Senators discuss challenges and opportunities as National Parks prepare for big tourist season

Posted at 6:54 PM, May 26, 2021
and last updated 2021-05-26 20:54:47-04

US Senators voiced concerns about crowding and the quality of employee housing in National parks during a hearing in Washington Wednesday.

Senator Angus King, a Maine Independent predicted this summer will mark the biggest season ever for American National Parks.

Montana Republican Senator Steve Daines echoed that sentiment and also predicted a record year. But Hawaii Democrat Mazie Hirono said she is worried about congestion in the parks. She noted measures the Park Service is taking to control crowding during the pandemic and asked, “Will you encourage parks to continue pursuing these new systems beyond the pandemic in order to decrease overcrowding?”

National Parks Interim Superintendent Shawn Benge said getting visitors to do better trip planning is a top priority. Benge said all Park Service visitor management comes down to two big rules: “Our ultimate goal is to provide a quality visitor experience and protecting resources for future generations.”

Documentary filmmaker Ken Burns told the senators he views waiting in line at a National Park as a sort of civic duty and likened it to standing in line to vote. He said he told his young daughters when they were caught in a buffalo jam in Yellowstone, that it was a good line to be in.

To help with crowding, the Park Service is rolling out its first mobile app this summer with a feature, for some parks, that will tell you how many spaces are available in the next parking lot you’ll come to. And there are other ideas.

“We have congestion issues in our parks and need to find ways here to relieve some of those pressures," said Daines. "And, one of those ideas is perhaps to encourage visitors to think about some of the lesser-known parks when they look at their itineraries. My question is how can we use your tools and your knowledge to highlight and drive visitation to some of these lesser-known parks?”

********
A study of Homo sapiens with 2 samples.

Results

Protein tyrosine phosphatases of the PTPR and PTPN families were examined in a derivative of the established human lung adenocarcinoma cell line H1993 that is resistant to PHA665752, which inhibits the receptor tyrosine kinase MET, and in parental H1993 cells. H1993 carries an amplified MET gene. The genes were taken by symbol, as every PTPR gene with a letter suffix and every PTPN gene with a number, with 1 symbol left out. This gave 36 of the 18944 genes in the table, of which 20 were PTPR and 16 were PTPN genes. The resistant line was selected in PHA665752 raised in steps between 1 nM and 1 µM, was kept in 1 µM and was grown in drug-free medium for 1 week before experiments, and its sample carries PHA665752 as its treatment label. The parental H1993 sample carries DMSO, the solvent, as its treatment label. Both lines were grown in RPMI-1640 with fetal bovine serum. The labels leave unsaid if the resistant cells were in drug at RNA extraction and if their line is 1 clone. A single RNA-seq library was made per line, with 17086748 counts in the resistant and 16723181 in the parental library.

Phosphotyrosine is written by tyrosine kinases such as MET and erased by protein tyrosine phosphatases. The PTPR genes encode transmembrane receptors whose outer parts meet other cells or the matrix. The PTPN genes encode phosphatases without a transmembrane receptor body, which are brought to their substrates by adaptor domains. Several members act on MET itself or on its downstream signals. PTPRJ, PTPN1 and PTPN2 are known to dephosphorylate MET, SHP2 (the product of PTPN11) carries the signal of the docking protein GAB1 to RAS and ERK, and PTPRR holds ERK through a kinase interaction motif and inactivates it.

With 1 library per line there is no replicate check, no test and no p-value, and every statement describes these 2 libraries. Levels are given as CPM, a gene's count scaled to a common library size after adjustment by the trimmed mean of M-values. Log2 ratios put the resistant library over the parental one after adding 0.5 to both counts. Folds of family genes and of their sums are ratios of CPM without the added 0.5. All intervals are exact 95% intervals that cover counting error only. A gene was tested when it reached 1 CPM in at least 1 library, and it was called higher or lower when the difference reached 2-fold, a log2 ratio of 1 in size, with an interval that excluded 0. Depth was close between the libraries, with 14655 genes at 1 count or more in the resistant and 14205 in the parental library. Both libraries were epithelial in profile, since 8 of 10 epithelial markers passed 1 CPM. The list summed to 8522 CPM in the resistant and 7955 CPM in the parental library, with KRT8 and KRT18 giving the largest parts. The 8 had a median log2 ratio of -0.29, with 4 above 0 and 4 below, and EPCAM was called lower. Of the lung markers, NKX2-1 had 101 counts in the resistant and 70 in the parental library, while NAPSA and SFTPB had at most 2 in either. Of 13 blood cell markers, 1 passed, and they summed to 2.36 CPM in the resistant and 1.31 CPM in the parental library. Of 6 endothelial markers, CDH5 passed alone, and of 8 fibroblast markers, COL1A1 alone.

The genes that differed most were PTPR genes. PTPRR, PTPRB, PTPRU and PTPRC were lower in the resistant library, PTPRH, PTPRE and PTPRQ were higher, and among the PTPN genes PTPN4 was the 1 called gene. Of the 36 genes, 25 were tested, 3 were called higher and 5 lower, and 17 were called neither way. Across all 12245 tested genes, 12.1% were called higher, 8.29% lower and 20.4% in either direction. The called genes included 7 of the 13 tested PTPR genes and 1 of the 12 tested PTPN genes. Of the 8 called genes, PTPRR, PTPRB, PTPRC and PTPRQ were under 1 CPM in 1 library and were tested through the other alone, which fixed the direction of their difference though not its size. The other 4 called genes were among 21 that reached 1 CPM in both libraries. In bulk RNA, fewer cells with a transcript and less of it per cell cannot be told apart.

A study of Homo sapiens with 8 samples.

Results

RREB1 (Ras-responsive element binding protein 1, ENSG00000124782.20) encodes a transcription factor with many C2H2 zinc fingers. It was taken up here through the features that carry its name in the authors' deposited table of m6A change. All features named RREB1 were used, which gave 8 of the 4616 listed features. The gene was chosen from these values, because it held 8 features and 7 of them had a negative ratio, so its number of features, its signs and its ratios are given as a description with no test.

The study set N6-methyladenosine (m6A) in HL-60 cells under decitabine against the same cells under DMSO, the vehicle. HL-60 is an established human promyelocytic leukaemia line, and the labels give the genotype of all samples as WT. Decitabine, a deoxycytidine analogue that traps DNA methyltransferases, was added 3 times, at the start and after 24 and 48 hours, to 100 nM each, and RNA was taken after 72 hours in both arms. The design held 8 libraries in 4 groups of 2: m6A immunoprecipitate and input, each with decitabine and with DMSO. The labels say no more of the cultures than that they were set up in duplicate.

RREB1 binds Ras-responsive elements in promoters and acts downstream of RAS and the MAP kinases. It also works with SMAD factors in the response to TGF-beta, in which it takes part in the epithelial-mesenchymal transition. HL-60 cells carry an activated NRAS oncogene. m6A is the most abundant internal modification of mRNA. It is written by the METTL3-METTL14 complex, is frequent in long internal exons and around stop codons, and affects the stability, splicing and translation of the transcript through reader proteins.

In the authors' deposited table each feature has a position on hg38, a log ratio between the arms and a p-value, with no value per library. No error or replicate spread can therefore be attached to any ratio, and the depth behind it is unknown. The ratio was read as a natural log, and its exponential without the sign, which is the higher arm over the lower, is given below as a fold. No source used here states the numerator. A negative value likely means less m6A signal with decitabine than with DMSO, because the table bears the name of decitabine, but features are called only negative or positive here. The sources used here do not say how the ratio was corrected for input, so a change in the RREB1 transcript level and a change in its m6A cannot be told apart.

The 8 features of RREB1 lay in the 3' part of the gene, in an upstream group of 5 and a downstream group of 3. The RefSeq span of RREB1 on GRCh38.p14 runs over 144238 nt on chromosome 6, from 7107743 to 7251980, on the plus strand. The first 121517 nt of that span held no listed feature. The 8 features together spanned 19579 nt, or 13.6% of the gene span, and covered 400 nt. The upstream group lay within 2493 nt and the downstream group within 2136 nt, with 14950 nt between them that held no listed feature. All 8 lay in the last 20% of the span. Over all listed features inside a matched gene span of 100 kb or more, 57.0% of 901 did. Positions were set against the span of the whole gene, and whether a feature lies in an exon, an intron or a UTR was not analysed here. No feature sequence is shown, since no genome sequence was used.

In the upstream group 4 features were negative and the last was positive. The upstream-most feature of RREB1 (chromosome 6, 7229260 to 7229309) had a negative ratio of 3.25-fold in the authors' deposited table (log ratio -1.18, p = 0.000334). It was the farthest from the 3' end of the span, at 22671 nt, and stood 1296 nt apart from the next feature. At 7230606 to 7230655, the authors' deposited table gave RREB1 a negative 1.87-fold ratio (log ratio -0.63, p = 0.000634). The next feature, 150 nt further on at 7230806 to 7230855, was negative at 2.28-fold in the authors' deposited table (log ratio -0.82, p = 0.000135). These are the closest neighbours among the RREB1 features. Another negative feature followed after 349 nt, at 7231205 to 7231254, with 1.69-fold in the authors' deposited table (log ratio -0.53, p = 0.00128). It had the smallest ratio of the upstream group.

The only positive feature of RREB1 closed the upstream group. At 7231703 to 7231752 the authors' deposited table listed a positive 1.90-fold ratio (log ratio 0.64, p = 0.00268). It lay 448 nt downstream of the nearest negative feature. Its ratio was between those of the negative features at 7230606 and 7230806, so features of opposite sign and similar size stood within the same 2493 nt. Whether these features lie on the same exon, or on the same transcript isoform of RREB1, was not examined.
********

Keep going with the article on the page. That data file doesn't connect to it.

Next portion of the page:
“We would be more than happy to go back to the Park Service and certainly work in concert with your committee to try to coordinate that information," Burns replied. "I think the wonders of the Big Hole and Big Horn are incredibly important and I think we can direct our populace there through educational works.”

Parks overcrowding is getting so much attention the committee plans to hold a separate hearing on that topic alone later this summer. Closely related to park overcrowding is substandard housing for park employees.

“We have made it a goal within the National Park Service to eliminate poor housing that exists in terms of quality of housing," Benge told the senators. "I think Yellowstone is a great example where we have invested a significant amount of money over the last three years, and if memory serves me right, we have replaced over 40 units in that particular park.”

Benge says the Park Service is also reaching out to help tour companies and other park contractors who are suffering because of the pandemic by extending their contracts by another two years. He also told senators that hundreds of millions of dollars will be spent on parks infrastructure, including $126 million in Yellowstone Park alone. He said most of that money will be spent on roads and employee housing.

Under questioning by Maine’s Angus King, Benge said park visitors and park employees no longer have to wear a mask if they are fully vaccinated.